The difference is when there's contention. A spinlock will burn CPU cycles but a mutex will yield to another thread or process (with some context switch overhead).
A spinlock should only be used when you know you're going to get it in the next microsecond or so. Or in kernel space when you don't have other options (e.g. interrupt handler). Anything else is just burning CPU cycles for nothing.
Mutex and condition variables (emphasis on the latter) are much more useful than spinlocks and atomics for general multithreaded programming.
Outside of hard realtime code, there's zero reason to use spin locks.
Interesting read: http://www2.rdrop.com/~paulmck/realtime/SMPembedded.2006.10....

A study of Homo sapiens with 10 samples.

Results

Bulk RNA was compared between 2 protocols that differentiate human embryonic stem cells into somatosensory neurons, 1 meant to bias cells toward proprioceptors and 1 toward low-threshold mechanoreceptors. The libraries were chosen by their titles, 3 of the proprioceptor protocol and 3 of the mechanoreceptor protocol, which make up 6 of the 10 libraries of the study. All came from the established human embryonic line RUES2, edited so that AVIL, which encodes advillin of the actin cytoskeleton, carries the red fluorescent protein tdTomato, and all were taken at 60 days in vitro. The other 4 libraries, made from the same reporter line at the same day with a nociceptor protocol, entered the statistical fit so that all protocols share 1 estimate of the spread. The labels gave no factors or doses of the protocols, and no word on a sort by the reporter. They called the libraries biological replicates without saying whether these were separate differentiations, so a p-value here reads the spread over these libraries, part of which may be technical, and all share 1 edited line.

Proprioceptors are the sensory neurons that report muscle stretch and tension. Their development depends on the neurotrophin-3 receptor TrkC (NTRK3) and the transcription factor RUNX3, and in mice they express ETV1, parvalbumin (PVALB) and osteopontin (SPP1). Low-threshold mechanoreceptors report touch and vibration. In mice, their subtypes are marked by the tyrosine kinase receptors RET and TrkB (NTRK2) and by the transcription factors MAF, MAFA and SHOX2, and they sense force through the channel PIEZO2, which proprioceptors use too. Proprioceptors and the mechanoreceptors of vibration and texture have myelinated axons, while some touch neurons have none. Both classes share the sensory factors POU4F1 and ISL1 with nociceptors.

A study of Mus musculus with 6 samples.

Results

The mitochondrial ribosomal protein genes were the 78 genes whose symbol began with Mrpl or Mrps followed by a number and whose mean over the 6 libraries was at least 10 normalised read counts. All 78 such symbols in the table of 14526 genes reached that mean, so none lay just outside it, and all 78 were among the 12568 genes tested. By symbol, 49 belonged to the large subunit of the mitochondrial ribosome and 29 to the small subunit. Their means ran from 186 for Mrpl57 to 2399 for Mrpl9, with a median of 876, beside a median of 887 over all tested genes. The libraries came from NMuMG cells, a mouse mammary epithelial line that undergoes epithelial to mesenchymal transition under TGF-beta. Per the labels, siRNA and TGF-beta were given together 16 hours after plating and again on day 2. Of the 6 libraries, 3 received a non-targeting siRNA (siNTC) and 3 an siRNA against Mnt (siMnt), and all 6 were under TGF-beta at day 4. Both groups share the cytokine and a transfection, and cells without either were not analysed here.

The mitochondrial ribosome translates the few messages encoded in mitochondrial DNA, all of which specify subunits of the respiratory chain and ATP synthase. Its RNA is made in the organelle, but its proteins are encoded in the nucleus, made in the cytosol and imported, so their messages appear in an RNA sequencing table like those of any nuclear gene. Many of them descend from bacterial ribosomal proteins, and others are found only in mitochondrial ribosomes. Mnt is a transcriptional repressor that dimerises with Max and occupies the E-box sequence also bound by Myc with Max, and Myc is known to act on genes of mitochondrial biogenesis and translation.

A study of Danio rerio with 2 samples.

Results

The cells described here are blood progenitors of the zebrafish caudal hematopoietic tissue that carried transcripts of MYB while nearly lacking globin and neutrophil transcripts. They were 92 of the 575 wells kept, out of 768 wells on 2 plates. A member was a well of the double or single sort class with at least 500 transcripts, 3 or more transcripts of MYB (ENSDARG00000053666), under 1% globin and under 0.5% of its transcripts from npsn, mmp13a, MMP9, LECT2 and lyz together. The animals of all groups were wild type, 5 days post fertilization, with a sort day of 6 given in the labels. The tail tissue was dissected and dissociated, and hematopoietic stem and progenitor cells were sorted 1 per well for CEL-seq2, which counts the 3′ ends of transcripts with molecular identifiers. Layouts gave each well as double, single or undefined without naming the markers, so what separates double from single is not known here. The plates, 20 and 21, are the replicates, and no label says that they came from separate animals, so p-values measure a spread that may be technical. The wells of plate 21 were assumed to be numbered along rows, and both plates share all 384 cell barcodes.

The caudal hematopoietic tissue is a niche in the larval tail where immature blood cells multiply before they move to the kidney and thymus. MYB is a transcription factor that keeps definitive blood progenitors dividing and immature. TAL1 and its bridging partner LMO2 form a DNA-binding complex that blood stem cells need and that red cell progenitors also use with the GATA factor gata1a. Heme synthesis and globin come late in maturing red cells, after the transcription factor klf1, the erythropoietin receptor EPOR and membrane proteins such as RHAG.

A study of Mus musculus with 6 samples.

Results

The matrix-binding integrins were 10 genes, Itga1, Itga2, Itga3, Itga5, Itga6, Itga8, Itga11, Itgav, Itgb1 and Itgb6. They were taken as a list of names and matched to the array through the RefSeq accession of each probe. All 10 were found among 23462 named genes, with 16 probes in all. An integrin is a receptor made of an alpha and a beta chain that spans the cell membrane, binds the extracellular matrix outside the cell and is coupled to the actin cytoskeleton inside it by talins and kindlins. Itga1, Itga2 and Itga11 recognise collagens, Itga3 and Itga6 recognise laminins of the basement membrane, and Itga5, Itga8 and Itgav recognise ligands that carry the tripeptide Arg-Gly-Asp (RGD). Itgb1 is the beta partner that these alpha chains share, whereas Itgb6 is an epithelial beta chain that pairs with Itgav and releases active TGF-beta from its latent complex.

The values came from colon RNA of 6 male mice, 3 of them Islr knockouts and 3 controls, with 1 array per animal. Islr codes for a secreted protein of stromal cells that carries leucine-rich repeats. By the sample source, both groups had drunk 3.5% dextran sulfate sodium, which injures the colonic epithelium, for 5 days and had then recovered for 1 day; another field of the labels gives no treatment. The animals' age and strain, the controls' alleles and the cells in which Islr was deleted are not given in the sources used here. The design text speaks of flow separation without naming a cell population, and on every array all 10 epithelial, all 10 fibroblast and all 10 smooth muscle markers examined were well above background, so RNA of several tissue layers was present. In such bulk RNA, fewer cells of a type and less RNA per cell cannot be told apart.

That is just not true. You _must_ use them in the case where the kernel is non-preemptable. Additionally, if the locked resource is held for a very short time, a spin lock is likely a more efficient choice than a traditional mutex.
On some common architectures, releasing a spin lock is cheaper than releasing a mutex.
But if you don’t have a guarantee the lock owner won’t be preempted, well, spinning for a whole timeslot is quite a bit more expensive…
 you better be careful with spinlocks and priorities here as you can livelock forever.
That said I'm used to situations where we're pinning thread affinity to specific cores and really trying to squeeze out what you can from fixed resources.
Setting CPU affinity will ensure that you always get the same core, but it might not increase performance and could adversely affect other parts of the system.
CPU affinity is a good fit for continuously running things like audio processing or game physics or similar. It's not good when threads are blocked or react to external events.
In most cases it's just unnecessary because the kernel is pretty good in keeping threads on cores anyway.